Behind-the-Scenes: From Towers to You

December 26, 2014 Wisconsin Public Television Leave a Comment

Jim Blaubach, WPT’s Operations Manager, showed me a room full of servers at the OPC.

Tuning into Wisconsin Public Television can seem as simple as a click of the remote, but bringing broadcast television to your living room is an ever-changing beast that is always in movement.

A host of engineers, electricians and programmers are constantly at work behind the scenes, making sure that every detail of each show comes to you in clarity. All over the state, our employees are tinkering and tweaking the technology that keeps our vast and complicated system up and running efficiently. Recently, I was lucky enough to visit WPT’s operations center, or OPC, and speak with some of the crazy people who dedicate each day to bringing everything together.

“We have a lot of people,” says Gene Purcell, Executive Director of the Educational Communications Board. “We’ve got 40 sites to take care of and we can’t do it all out of this building, so we’ve got field staff scattered throughout the state. There’s always something going on out there.”

The Broadcast Interconnect, or BIC for short, is one of the largest pieces of the puzzle, and is made up of a series of fiber cables. About 1200 miles of these cables bring WPT’s broadcast to regions all over the state, with studio transmitter link and microwave transmission filling in the gaps, going to areas where fiber cable can’t reach. As with any large, extraordinarily complicated network, the BIC can be a bit of a handful.

Star Trek Enterprise? Nope – It’s master control at WPT’s operations center.

“BIC is always there, it’s always on, and it always has a problem,” Purcell says. “There’s always someone working on the BIC.”

Thankfully, WPT has a dedicated team making sure that everything behaves properly. Out in the wild woods of Wisconsin, engineers and maintenance contractors are constantly on call to help with a host of issues. They make sure that lightbulbs are changed, transmissions are going through properly and equipment is updated. They even ward off copper thieves, stray bears and the occasional illegal base-jumper, making sure that each tower and station is safe and secure.

Bringing the story back to the OPC, Jim Blaubach, Operations Manager at WPT, showed me into a room that I could only equate to the bridge of the Star Trek Enterprise. WPT’s master control is comprised of a wall covered with dozens of screens displaying our satellite broadcasts, with panels of blinking lights, buttons and knobs that cover every desk.

The OPC is the heart of WPT’s network, and is almost constantly manned. Broadcasts from PBS are downlinked here, and an entire room of servers produces a constant, vibrating thrum of white noise. This building and the years of data stored here are a reflection of how much our field has changed recently.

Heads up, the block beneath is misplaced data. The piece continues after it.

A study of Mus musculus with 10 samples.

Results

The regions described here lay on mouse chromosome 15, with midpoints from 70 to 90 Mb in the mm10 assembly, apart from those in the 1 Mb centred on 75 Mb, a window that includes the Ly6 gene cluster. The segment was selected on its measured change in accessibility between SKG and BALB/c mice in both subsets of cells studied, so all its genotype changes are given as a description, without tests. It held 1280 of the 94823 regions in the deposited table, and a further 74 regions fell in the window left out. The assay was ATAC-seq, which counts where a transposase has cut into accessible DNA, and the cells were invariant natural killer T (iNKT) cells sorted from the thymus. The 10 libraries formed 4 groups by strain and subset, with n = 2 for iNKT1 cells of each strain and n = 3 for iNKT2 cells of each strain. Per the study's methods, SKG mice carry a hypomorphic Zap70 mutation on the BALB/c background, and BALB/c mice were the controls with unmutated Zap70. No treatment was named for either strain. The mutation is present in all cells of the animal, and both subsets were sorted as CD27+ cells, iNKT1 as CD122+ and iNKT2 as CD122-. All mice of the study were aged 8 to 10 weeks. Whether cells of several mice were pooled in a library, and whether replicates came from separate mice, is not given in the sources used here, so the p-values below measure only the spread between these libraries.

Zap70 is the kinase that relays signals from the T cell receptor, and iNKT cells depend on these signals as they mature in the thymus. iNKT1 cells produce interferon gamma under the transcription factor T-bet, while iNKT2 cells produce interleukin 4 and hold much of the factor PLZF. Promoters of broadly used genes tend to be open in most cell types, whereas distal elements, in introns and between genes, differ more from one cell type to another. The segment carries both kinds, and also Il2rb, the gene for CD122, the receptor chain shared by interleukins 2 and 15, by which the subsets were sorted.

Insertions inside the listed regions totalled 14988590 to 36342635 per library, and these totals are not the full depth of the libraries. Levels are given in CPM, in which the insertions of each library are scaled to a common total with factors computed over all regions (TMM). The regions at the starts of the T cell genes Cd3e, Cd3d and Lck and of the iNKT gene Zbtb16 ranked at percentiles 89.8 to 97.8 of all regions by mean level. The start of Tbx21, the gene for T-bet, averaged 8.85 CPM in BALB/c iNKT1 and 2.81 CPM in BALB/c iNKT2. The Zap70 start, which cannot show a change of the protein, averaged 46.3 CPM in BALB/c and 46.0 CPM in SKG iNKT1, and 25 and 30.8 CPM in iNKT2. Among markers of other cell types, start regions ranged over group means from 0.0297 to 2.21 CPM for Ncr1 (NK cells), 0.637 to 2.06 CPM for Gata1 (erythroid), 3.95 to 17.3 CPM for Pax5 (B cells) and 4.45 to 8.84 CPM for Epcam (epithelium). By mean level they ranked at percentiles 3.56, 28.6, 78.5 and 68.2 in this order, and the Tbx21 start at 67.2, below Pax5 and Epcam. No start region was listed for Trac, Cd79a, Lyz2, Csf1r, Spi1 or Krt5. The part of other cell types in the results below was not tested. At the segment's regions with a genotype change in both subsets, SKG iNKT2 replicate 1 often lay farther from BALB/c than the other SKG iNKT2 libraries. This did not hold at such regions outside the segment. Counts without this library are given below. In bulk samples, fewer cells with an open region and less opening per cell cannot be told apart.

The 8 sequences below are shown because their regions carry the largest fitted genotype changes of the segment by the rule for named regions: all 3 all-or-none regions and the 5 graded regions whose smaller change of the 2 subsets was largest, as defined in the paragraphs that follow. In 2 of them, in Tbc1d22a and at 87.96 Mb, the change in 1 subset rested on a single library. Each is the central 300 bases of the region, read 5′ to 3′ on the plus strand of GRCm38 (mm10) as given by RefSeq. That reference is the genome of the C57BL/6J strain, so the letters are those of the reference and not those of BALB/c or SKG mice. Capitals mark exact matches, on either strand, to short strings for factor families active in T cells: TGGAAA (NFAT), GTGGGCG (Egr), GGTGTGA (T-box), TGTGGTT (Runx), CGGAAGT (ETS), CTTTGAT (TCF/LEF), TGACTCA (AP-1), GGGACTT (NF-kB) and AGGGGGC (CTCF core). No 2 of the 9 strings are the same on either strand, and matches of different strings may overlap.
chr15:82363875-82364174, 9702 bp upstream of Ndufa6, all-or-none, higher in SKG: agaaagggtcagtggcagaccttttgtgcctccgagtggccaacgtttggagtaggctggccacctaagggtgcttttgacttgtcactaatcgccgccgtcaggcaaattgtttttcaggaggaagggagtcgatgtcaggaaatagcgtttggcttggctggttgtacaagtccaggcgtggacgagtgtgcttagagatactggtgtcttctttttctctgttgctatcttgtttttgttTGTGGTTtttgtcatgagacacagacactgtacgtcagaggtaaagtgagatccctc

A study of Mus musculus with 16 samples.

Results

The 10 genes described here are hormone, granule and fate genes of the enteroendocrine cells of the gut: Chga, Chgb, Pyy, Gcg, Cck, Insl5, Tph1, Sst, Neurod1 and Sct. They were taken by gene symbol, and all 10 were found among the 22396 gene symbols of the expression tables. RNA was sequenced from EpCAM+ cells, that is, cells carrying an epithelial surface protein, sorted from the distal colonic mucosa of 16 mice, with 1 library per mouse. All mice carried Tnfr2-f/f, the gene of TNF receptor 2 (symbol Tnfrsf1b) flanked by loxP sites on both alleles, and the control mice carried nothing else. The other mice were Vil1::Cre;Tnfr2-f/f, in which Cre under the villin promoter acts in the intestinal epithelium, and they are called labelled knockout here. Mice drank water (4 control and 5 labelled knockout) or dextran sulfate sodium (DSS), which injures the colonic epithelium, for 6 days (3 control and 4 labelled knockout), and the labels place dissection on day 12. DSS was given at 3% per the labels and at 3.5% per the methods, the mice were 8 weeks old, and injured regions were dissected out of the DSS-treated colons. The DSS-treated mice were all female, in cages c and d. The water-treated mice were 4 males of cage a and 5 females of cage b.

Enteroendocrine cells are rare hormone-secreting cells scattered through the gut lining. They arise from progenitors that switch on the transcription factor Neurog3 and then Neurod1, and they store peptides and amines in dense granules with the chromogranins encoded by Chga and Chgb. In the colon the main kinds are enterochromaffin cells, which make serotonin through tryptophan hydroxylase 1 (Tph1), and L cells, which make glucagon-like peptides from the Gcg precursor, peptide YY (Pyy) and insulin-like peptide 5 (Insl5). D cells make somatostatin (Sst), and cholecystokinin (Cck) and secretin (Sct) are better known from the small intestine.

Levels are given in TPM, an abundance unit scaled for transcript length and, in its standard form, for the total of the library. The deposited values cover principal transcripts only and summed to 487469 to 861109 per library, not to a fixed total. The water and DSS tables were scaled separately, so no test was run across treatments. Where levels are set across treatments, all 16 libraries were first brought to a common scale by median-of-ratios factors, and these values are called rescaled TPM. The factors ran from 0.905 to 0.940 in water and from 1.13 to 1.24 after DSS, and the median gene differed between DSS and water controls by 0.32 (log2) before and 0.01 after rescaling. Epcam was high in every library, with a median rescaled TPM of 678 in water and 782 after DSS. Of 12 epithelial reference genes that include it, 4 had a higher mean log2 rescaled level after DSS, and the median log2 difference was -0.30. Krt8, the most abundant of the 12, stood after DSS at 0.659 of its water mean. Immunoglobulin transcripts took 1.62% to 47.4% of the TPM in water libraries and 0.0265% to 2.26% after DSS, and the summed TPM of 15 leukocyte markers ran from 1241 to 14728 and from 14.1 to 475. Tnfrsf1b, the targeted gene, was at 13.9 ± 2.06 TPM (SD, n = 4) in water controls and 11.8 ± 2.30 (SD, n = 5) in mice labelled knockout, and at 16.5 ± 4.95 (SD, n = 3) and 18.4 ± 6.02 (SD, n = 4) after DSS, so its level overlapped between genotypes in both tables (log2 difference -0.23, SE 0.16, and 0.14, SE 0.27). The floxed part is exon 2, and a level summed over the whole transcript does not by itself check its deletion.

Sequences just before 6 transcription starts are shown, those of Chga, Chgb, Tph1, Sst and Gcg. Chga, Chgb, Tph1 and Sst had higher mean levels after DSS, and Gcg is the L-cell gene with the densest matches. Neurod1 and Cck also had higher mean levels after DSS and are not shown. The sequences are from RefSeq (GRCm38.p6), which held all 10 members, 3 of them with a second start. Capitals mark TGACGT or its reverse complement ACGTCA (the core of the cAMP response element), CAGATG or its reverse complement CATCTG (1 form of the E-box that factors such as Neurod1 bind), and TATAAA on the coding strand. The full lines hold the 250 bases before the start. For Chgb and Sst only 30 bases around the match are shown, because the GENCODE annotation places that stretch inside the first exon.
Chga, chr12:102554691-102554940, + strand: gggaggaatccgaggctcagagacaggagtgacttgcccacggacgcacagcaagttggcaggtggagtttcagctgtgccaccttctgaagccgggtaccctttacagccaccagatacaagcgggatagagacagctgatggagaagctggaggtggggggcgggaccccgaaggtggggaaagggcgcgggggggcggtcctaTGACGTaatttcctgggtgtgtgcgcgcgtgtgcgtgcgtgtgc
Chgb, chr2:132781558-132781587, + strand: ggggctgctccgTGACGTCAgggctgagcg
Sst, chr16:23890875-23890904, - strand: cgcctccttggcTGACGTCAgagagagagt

“When I started in this business, the OPC was all tape decks and turn tables,” Purcell says. “Now it’s all computers and servers. It’s more and less interesting at the same time, but it’s totally different than it was 10 years ago. It will be totally different in another 10 years.”

Josh Gillman, one of the engineers at the OPC, explains that the center acts as a hub for all of the information that goes into each broadcast, including audio, graphics, local footage and national shows.

“Things don’t originate entirely from one place,” Gillman says. “This show, for example, is coming from BBC, going to California, then to headquarters in Virginia and then it comes to us.”

Much of the broadcast system is automated, pulling logs from staff working on UW-Madison’s campus, but engineers at the OPC always retain the ability to make changes in an emergency. If there was a weather emergency, for example, someone at the OPC would be able to put up a graphic or change the feed slightly in order to broadcast breaking news to Dane County viewers.

The OPC is also home to most of the hard copies of log records required by the FCC. The building is incredibly secure, with a backup generator and a fail-safe UPS, or uninterruptible power supply, that will keep the system running in case of an emergency while the generator fires up. WPT is even able to monitor remote sites across the state, checking on the buildings’ access and temperature to make sure everything is working properly. If need be, maintenance staff are on call.

Is your head swimming? Mine is! This is a ton of information, and our system of servers, fibers and satellites is mind-boggling. Just know that you – our viewers – are our  number one priority. Every time you pick up your remote and turn to one of our channels, you’ve got a whole team of people backing you up, making sure that our content is there when you need it.